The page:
5 answers | Last updated: Apr 30, 2014
An anonymous caregiver asked...
If my mother lives with us and pays us money for me to take care of her, do we have to report this to the IRS? And if she does not report it to the IRS, is this wrong?
 

Answers
Caring.com User - Steve Weisman

If your mother pays you money to act as her caretaker, this is taxable income and should be reported as income on your income tax return. It is not necessary for your mother to report anything to the IRS or do any income tax withholding if you are considered an independent contractor. Your mother may be able to take some or all of the caretaking expenses as a medical expense deduction if her total medical expenses are more than 7.5% of her adjusted gross income and some of your caretaking activities qualify as medical expenses. You should discuss this with an accountant in detail to determine what you may be able to do in your particular case.

 


You legally have to report any income paid to you for caretaker services, however, her share of groceries, utilities etc. would not be salary to you. Her costs for personal items and clothing would not be part of your salary, nor would her medical bills, or repayment of expenses for transportation. Also, she can give you a gift of up to $13,000 each year tax free ($26,000 if you split it with your husband). See a tax book such as J.K. Lasser's 2010 or ask your accountant for more details. Hope this was helpful.

 


I've been through this quite extensively with my mom and her acct. and this is how I understand it. According to the IRS, Caregivers, along with nannies and some other household workers, are a special class of workers with very specific tax regulations. I'm not going to go into the details here, but you are not legally an independent contractor although that's how it is usually handled by most caregivers/employers. It's quite expensive for the care receiver to pay these taxes as an employer (your mom). It's not legal and if your mom was audited there would be taxes due.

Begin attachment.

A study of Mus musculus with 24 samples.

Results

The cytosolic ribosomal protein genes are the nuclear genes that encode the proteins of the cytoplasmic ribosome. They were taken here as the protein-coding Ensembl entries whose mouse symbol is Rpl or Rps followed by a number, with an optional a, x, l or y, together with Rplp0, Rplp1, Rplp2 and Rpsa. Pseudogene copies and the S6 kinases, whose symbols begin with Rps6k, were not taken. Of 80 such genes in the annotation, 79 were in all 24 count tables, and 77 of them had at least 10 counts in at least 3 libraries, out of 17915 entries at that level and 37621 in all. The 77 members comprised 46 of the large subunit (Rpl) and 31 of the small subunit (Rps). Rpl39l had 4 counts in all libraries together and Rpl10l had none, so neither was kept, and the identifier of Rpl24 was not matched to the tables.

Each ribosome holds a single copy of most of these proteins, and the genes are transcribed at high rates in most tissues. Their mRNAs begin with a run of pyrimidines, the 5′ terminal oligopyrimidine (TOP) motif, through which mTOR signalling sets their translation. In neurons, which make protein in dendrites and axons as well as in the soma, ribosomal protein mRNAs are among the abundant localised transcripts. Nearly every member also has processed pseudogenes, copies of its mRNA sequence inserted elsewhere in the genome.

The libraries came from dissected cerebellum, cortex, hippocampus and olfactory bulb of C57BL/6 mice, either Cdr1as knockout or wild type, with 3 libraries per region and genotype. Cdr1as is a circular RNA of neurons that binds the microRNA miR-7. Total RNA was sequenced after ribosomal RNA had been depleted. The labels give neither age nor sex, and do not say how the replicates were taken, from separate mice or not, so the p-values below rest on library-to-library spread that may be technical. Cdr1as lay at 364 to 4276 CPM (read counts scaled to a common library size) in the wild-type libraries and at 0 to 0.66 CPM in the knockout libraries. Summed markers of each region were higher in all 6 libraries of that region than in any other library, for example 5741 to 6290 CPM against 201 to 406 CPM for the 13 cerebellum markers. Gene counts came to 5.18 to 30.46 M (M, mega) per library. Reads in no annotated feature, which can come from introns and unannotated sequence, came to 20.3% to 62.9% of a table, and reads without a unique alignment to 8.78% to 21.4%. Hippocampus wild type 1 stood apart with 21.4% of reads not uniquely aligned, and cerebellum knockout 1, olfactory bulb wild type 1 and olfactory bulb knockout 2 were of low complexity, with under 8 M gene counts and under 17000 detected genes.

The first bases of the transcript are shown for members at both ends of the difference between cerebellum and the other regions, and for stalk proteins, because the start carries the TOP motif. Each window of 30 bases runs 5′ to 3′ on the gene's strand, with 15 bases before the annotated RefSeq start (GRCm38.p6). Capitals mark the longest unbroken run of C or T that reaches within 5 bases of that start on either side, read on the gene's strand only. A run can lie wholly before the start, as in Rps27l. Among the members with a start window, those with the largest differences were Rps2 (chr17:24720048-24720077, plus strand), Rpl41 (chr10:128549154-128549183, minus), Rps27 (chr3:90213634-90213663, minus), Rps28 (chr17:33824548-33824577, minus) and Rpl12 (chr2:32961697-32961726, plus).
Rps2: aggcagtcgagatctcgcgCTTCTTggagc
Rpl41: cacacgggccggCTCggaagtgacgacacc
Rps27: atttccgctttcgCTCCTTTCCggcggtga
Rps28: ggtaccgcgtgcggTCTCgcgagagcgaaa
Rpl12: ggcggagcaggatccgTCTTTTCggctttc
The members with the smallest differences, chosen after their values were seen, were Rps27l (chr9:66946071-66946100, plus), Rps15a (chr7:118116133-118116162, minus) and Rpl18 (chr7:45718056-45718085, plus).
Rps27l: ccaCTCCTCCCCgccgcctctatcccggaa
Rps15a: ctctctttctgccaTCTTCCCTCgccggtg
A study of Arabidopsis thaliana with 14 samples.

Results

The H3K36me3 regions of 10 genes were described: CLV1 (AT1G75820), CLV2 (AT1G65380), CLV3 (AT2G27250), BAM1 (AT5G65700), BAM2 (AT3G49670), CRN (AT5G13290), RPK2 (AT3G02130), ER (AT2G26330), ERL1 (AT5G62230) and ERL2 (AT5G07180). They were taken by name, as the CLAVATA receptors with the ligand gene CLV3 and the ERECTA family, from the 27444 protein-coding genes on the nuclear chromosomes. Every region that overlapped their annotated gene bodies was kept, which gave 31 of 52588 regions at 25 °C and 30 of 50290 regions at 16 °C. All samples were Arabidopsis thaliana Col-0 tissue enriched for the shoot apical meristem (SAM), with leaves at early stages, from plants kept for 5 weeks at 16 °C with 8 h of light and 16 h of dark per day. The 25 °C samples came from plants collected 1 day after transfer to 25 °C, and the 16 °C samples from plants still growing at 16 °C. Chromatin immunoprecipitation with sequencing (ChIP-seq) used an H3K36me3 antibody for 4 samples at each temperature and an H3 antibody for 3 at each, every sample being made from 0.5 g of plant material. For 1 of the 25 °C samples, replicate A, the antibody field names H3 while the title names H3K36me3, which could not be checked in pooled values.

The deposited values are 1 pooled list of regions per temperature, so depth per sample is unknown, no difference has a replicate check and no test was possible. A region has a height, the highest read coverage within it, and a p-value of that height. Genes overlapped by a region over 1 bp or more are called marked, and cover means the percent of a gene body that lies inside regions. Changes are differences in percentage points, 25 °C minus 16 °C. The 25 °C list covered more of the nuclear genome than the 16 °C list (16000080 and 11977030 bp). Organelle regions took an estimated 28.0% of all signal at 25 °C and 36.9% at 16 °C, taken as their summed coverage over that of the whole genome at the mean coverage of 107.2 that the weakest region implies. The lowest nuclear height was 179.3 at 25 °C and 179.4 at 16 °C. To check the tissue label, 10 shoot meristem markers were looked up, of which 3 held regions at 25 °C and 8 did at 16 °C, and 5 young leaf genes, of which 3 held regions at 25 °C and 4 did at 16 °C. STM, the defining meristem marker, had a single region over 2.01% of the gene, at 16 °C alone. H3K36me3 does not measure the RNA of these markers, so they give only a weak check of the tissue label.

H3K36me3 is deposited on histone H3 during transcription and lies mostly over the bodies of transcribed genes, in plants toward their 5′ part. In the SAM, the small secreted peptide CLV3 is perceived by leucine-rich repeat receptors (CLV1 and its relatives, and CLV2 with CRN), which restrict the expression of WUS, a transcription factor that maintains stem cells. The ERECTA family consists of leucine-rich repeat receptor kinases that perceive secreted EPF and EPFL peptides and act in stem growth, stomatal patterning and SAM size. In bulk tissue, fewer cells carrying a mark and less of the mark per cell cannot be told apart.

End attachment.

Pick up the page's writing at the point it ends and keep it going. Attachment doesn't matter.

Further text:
To me, this is a political issue about equity in the system. These are typically female positions and they are not getting tax contributions by employers to their social security and retirement. Most caregivers are paying for their own very expensive individual health insurance or don't have it at all themselves.

This money paid to you can be considered a gift rather than wages and you would not need to pay taxes. As far as consequences for gift tax on your mom's estate, my understanding from many talks with my mom's acct is, you can receive money over $13,000. BUT it's the amount OVER $13,000 for EACH person receiving a financial gift that will be pooled together and taxed in the estate upon death when the total reaches over $1,000,000. So if there's not going to be that amount pooled in the end, there won't be any gift tax owed upon death by the giver. The acct would file a gift tax return, documenting the gift amounts year by year. There is no tax to the receiver.

And yes, be sure to keep track of all medical expenses to take the tax deduction.

I strongly advise you to hire an acct and not trust what any of us non-professionals advise. It is well worth the money to have access to this person's expertise and counsel. My mom has dementia and I have developed quite a good relationship with my mom's acct which I value quite a bit during this difficult time.

 

CalAtty answered...

Something to consider is medicaid planning. If the money paid to you as a caregiver (over and above expenses) is treated by you as income then it would also be free of the look-back rules for medicaid purposes. If it is considered a gift then it is not. It therefore may well be better for you as caregiver to consider it as income and pay the taxes yearly, especially if you are in a low or no income bracket. Failure to plan for medicaid may cost your family much more than the yearly income taxes. There is no "right' answer. Seek help from an eldercare attorney. Accountants do not know very much about medicaid planning.